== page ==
Once your Edison robot has been set up correctly, Edison requires very little ongoing maintenance, but there are a few tricks to ensure everything works just right every time. Learning these six tricks will make you a master of Edison dos and don’ts – setting you up for success each time you use your robot.

1. In terms of batteries, Edison always checks the ingredients 

It’s not saturated fat Edison is avoiding, but this little robot still wants you to read the label before you buy batteries. If using disposable batteries with Edison, only ever use alkaline batteries. (These are the most common AAA batteries you will find in just about any shop.) If you are using rechargeable batteries with Edison, only use nickel metal hydride (NiMH) rechargeable batteries. Never use heavy-duty, super heavy-duty or carbon zinc batteries.

Just as important as the type of batteries is the way you present them to Edison. In other words, always make sure the batteries are inserted correctly. You will find detailed pictures in our Getting started with Edison guide.

2. Edison, without you, is a bit of a dummy

Your Edison robot will always do exactly what you tell it to do. This means that if you program Edison to ‘drive’ but don’t tell Edison how far to go or to stop, Edison simply doesn’t know these things. Instead, Edison will just drive… possibly straight into a wall.

If you are having problems with Edison not doing what you expect, double check your program. There may be something missing or another logical error causing your robot to misbehave.

3. Edison rocks out with the volume all the way up

It’s a good thing Edison doesn’t have ears because this robot would almost certainly be considered a bit deaf! Edison needs the volume on your programming device turned up all the way in order to ‘hear’ the program download. Many devices automatically lower the volume when an audio device, like the EdComm cable, is detected in the audio jack, so be sure to double-check the volume is turned up to full after you plug in the EdComm cable.

If you are using a Windows computer to program Edison, you will also need to disable sound enhancements so that Edison can ‘hear’ the download correctly.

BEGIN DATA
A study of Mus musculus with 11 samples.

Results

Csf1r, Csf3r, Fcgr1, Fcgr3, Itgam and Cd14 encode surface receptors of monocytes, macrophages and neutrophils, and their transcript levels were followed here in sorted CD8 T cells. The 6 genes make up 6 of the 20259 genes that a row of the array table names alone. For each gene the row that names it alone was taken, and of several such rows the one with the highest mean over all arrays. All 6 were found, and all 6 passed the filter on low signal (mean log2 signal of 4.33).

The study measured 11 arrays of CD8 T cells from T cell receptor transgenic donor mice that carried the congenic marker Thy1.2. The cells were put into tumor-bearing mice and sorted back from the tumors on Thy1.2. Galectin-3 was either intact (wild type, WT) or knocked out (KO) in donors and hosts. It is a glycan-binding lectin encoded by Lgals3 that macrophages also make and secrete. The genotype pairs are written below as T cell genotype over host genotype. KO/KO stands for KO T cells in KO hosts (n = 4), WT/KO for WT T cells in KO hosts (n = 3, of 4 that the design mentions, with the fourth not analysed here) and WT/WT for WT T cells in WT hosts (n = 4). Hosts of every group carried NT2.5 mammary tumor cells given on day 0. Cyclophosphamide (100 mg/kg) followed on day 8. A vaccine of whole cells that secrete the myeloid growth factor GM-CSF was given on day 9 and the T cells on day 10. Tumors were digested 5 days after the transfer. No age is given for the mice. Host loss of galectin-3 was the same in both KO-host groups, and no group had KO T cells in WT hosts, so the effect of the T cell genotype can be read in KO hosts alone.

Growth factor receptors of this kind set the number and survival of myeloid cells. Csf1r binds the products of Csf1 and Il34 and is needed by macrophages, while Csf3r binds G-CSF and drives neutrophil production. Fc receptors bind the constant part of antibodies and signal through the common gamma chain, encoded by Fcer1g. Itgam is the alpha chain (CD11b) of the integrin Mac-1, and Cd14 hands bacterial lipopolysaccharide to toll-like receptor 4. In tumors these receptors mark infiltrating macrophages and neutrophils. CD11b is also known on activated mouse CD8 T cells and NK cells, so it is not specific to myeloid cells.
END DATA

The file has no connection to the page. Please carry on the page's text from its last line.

4. When it comes to sunlight, treat Edison like a vampire

If you put Edison in direct sunlight, the robot’s sensors are bombarded with light and will most likely fail to work correctly. This can cause problems when trying to read barcodes, follow lines, avoid obstacles or respond to visible light.

As a general rule of thumb, it’s best to avoid using Edison in bright, direct sunlight.

5. Using line tracking? Edison plays chess rules

Whenever you are using Edison’s line tracking sensor, remember that white always goes first. In other words, always start Edison on the white surface, not the black surface.

Why is this?

Edison’s line tracking sensor uses reflected light readings to find the difference between white and black surfaces. Edison takes an initial reading of reflected light against the surface the robot starts on. Edison then uses this reading as the reading of a reflective surface – it equates this as the brightest thing it will see. Edison then looks for a sharp drop-off in the reflected light readings it receives. The robot equates that sharp drop-off as being the non-reflective surface. If you start Edison on top of a black line, Edison reads that line as the ‘brightest thing’. When the robot then turns onto the white surface and gets a higher value, it doesn’t understand what is going on and ends up spinning on the spot.

6. Edison can see invisible light (so long as it’s bouncing back)

Edison has an infrared (IR) light detection system. While infrared light is invisible to humans, Edison can detect this light with the IR sensor located at the front of the robot. This system allows Edison to work with TV/DVD remote controls, communicate with other Edison robots and detect obstacles.

In terms of obstacle detection, the IR system sends out infrared light and checks to see if any of that light is bounced back. This is how the robot can identify obstacles. Which also means, for the system to work properly, Edison needs the light to actually bounce back.

Very dark coloured objects, such as objects that are totally black, absorb most of the IR light, making it hard for Edison to detect them. On the other hand, transparent and translucent obstacles allow virtually all of the IR light to pass straight through, meaning nothing bounces back for Edison to detect.

Instead, choose obstacles that are opaque but not too dark and at least as tall as Edison.

If Edison is still struggling to detect your obstacles, you may also need to calibrate your robot’s obstacle detection. You can find the barcode you will need and step-by-step instructions in EdBook 1: You’re a Controller.

Be sure to download the free Getting started with Edison guide and checklist for even more great advice.